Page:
Alumni in the News

Top Student Posters

Bursting with pride- Dr. Murtis Worth had one of 11 “Top Student Posters” at SNRS this year! Her posted was based on her dissertation work and is entitled “Structure, Process and Recommendations of Emergency Department Triage in the U. S.” Congratulations on your excellent work!

Pure Excellence: Dr. Robin Bartlett and her School of Nursing journey

“We were not taught that we were going to be mediocre nurses. We were going to be excellent caregivers,” she said. “From the day I walked in the door at UNCG, the focus was on excellence. That was ingrained in us from the beginning.”

Read the entire article here . 

Recent SON Graduate Tamara Caple Takes Leadership To New Level

Cone Hospital Director Tamara Caple finds her life passion in nursing leadership.

Tamara Caple’s name now has a few extra letters and numbers behind it, and they come from UNCG: RN ’99 BSN, ’06 MSN, ‘17 DNP. Earning three nursing degrees demonstrates a passion that took root when she was a young girl.

“Nursing was always what I wanted to do,” says Tamara, who just earned her Doctorate of Nursing Practice. “In my head, I’ve been a nurse since I was 3 years old.”

While Tamara was in middle school, her grandmother suffered from Parkinson’s. “It was natural for me to just care for her,” she says. Whether she made grocery lists, helped with the cooking or put things away, Tamara enjoyed the time she spent caring for her.

Today Tamara is a director leading 50 nurses and staff members at Cone Hospital. “I’m mentoring constantly, giving feedback to newer nurses while meeting the needs of patients.” It’s demanding and requires long days, but she loves it. “After a while, it’s not work,” she says. “It’s your life passion. It’s what you do.”

As a nurse leader, she’s had the opportunity to coach many employees about advancing their education, as she has. “Many of them think that nursing school is out of their reach. But I tell them about UNCG. It’s an amazing experience to nurture a nurse tech through nursing school and to have them report to you that they passed their NCLEX exam and will be working as an RN!”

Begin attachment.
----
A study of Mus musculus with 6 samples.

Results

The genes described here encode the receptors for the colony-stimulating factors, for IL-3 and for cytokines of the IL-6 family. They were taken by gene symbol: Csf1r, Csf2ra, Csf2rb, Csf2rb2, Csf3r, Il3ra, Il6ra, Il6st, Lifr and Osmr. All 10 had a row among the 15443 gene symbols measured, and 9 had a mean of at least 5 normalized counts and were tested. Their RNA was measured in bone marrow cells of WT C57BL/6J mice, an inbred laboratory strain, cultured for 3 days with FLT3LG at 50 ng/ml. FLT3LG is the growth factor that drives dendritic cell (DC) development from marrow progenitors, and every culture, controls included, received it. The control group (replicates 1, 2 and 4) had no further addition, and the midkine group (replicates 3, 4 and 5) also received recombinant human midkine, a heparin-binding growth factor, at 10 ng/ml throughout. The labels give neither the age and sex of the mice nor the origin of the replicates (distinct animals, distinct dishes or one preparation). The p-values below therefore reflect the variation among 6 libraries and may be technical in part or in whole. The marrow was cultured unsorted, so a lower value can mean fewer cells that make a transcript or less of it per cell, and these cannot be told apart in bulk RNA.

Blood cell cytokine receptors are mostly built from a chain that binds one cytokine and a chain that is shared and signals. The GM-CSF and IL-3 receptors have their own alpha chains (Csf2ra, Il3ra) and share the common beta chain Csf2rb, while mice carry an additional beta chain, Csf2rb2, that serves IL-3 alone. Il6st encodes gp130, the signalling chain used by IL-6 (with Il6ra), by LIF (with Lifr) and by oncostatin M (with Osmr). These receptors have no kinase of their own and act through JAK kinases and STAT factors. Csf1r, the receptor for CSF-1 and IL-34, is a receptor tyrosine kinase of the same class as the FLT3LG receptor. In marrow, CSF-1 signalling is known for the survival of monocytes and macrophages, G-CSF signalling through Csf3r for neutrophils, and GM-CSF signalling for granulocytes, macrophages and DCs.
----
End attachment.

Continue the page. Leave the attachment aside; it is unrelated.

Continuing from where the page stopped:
The School of Nursing has been a major part of Tamara’s life since she joined the UNCG alumni as a BSN undergraduate in 1995. An Asheville native, she had applied and been accepted to UNC-Chapel Hill and N.C. A&T. UNCG was the best fit. “I wanted to be with the best of the best.”

Over the years and throughout her three degrees, Tamara has acquired more than excellent preparation. UNCG has given her an outstanding network and great memories as well.

“One of my favorite professors was Joan Mathews, who unfortunately passed away in 2013,” she recalls. “She served as a mentor to us and took us under her wing, especially as we were chartering the nursing sorority. She was willing to have the difficult conversations with us to prepare us for what was coming next. One lesson she instilled was that your reputation was the one thing that proceeds you: protect it.”

There are many more. “As I reflect on my time at UNCG, I am most proud of the lifelong friendships and professional relationships that I made and have maintained,” Tamara says. “I cherish the high caliber of leadership and instruction I received. And I’m grateful for the school’s continued investment in students as we work to advance the science of nursing. UNCG is empowering nurses to change nursing by teaching them how to be active and involved in the profession.”

If she sounds like a walking billboard for the school, it’s partly true. Tamara, who serves as president of School of Nursing Alumni Association, says she loves to tout UNCG — and its partnership with Cone Health.

“It’s refreshing to know that the School of Nursing and our Cone system have such a collaborative relationship. It should comfort the community to know that we are producing quality graduates who truly understand how to care for patients. Nurses are under a lot of pressure these days, but UNCG nurses make time for the people part and take great responsibility in the care of their patients.”

That’s something that Tamara gets to see on the job every day.